Yankees second baseman DJ LeMahieu removes his helmet

Yankees second baseman DJ LeMahieu removes his helmet after he flies out against the Red Sox during the second inning of an MLB game at Yankee Stadium on June 6. Credit: Kathleen Malone-Van Dyke

BUFFALO — At some undefined point, the sample size no longer is a small one.

A bad start to a season simply becomes a bad season.

Whatever that undefined marker is on the 162-game schedule, the 33-32 Yankees, while not there yet, certainly can see that unpromised land from here.

Sunday’s 7-0 loss to the Phillies ended another subpar week, another seven-day stretch in which the Yankees failed to right themselves.

The loss completed a 2-3 week — hardly a disaster — but those victories came against the Twins. The two wins created, in some circles, a borderline embarrassing narrative suggesting that twice beating a team that typically turns into marshmallow when the Yankees show up was the start of something big.

Then, in a span of three pitches, Aroldis Chapman gave up a pair of two-run homers in the ninth inning of a walk-off loss to the Twins. That game and Saturday’s walk-off loss to the Phillies torpedoed that storyline and Sunday’s non-compete sunk it.

The Yankees, who have lost 13 of their last 18 games, are fourth in the AL East. They were off Monday and will start a three-game series against the hard-hitting Blue Jays on Tuesday (Toronto hit 13 home runs against the Red Sox on Saturday and Sunday.)

Fourth-year manager Aaron Boone bared some teeth publicly after Sunday’s loss, ditching the glass-half-full approach usually displayed to the media when things aren’t going well.

In response to a question, Boone said, "I don’t think there’s any getting used to freakin’ losing. Hell, no. Get the hell out of here with that."

Those whose job it is to find holes in the Yankees — rival scouts and executives — haven’t had difficulty doing that. However, not one contacted the last two days believes the Yankees’ fortunes are irreversible.

"You still look at the talent and at some level have to believe it will [turn]," said one American League evaluator assigned to the Yankees, noting the 22-8 stretch from April 22-May 23 that immediately preceded the 5-13 stretch.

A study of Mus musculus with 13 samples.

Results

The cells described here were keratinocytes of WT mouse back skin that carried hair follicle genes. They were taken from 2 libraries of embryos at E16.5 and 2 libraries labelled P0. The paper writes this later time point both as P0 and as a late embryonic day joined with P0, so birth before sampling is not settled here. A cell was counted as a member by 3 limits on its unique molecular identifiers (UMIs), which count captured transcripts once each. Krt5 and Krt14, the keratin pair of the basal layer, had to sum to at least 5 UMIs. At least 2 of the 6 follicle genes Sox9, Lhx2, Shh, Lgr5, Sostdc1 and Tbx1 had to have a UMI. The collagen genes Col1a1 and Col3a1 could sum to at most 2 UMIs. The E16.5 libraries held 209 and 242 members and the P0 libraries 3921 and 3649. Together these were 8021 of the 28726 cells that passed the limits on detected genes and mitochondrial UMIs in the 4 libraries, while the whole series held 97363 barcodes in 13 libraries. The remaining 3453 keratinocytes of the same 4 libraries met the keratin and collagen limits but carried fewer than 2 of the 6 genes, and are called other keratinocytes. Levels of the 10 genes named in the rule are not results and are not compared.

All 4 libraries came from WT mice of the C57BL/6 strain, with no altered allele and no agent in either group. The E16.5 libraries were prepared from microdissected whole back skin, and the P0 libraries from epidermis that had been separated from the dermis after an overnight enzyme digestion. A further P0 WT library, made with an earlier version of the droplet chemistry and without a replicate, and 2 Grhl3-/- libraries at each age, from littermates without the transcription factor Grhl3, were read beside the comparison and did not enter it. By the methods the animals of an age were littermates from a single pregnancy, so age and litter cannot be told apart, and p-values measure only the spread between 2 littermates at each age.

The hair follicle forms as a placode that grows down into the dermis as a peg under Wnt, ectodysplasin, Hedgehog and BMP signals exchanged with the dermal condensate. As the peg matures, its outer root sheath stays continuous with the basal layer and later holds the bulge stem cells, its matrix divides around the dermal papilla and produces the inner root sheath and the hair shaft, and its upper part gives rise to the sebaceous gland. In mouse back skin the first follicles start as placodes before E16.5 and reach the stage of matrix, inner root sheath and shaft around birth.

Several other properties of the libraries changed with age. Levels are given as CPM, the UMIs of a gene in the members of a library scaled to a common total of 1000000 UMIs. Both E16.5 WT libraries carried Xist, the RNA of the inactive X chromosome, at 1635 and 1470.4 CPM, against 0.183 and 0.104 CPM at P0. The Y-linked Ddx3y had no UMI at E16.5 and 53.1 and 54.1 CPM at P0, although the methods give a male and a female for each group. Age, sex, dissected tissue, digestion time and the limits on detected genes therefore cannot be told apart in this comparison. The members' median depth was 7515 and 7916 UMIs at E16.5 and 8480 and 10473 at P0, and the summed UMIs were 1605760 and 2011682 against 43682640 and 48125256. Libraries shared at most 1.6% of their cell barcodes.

He paused.

"But there does seem to be something amiss [organizationally], too."


"What’s being emphasized."

As poor in the fundamentals as the big-league Yankees generally have been this year, opposing team scouts have commented all season how fundamentally unsound their minor-league affiliates appear to be. As several pointed out, the fact that there were no minor league games last summer because of COVID-19 without question is a contributing factor.

But, as one of those same evaluators added: "it certainly seems extreme with them."

After spending nearly a week watching one lower-level affiliate, an AL scout said: "I saw no [extra] infield or outfield work" while there.

Managing general partner Hal Steinbrenner is a behind-the-scenes owner, the polar opposite of his father when it comes to making emotionally charged knee-jerk decisions. But there are rumblings from Tampa, where Steinbrenner lives, that he has been growing agitated and starting to ask some pointed questions.

Feeding that irritation, no doubt, is that his team is struggling at the same time the Rays — the club in Steinbrenner’s backyard — lead the AL East (three games ahead of Boston, 8 1/2 ahead of Toronto and nine ahead of the Yankees).

Speaking of the Rays, the Yankees of late have resembled the Jets when it comes to their rival. Just as the Jets' organization for the better part of two decades has obsessed over how the Patriots do business, the same goes for the Yankees regarding the Rays, known for years as a team at the forefront of the analytics revolution.

But the 2021 Rays, though experiencing their own offensive issues, run the bases far better than the Yankees do and play superior defense, both elements taught, a National League executive said, "at every level of their organization. It’s a priority. And it shows [in the majors]. It’s not all analytics, much as that’s their [reputation]."

Under longtime general manager Brian Cashman, the Yankees year-by-year have increasingly taken a data-driven approach, pumping resources and money into those areas. Two recent examples: essentially turning over the store medically to Eric Cressey as their director of player health and performance and hiring Sam Briend of Driveline Baseball to be their director of pitching. And the immediate influence wielded by some of those recently-brought-in parties — not just Cressey and Briend — has created its share of discontent within the organization.

The emphasis on cutting-edge technology and data isn’t going anywhere and shouldn’t, as those elements have proven benefits for organizations that correctly utilize and implement them.

And they may well yield the desired results for the Yankees.

But, as the old line about life goes: "You’re either moving forward or backwards."

Same in sports.

You’re either moving toward a championship or away from one.

It is not difficult, as of mid-June 2021, to determine the direction in which the Yankees are headed.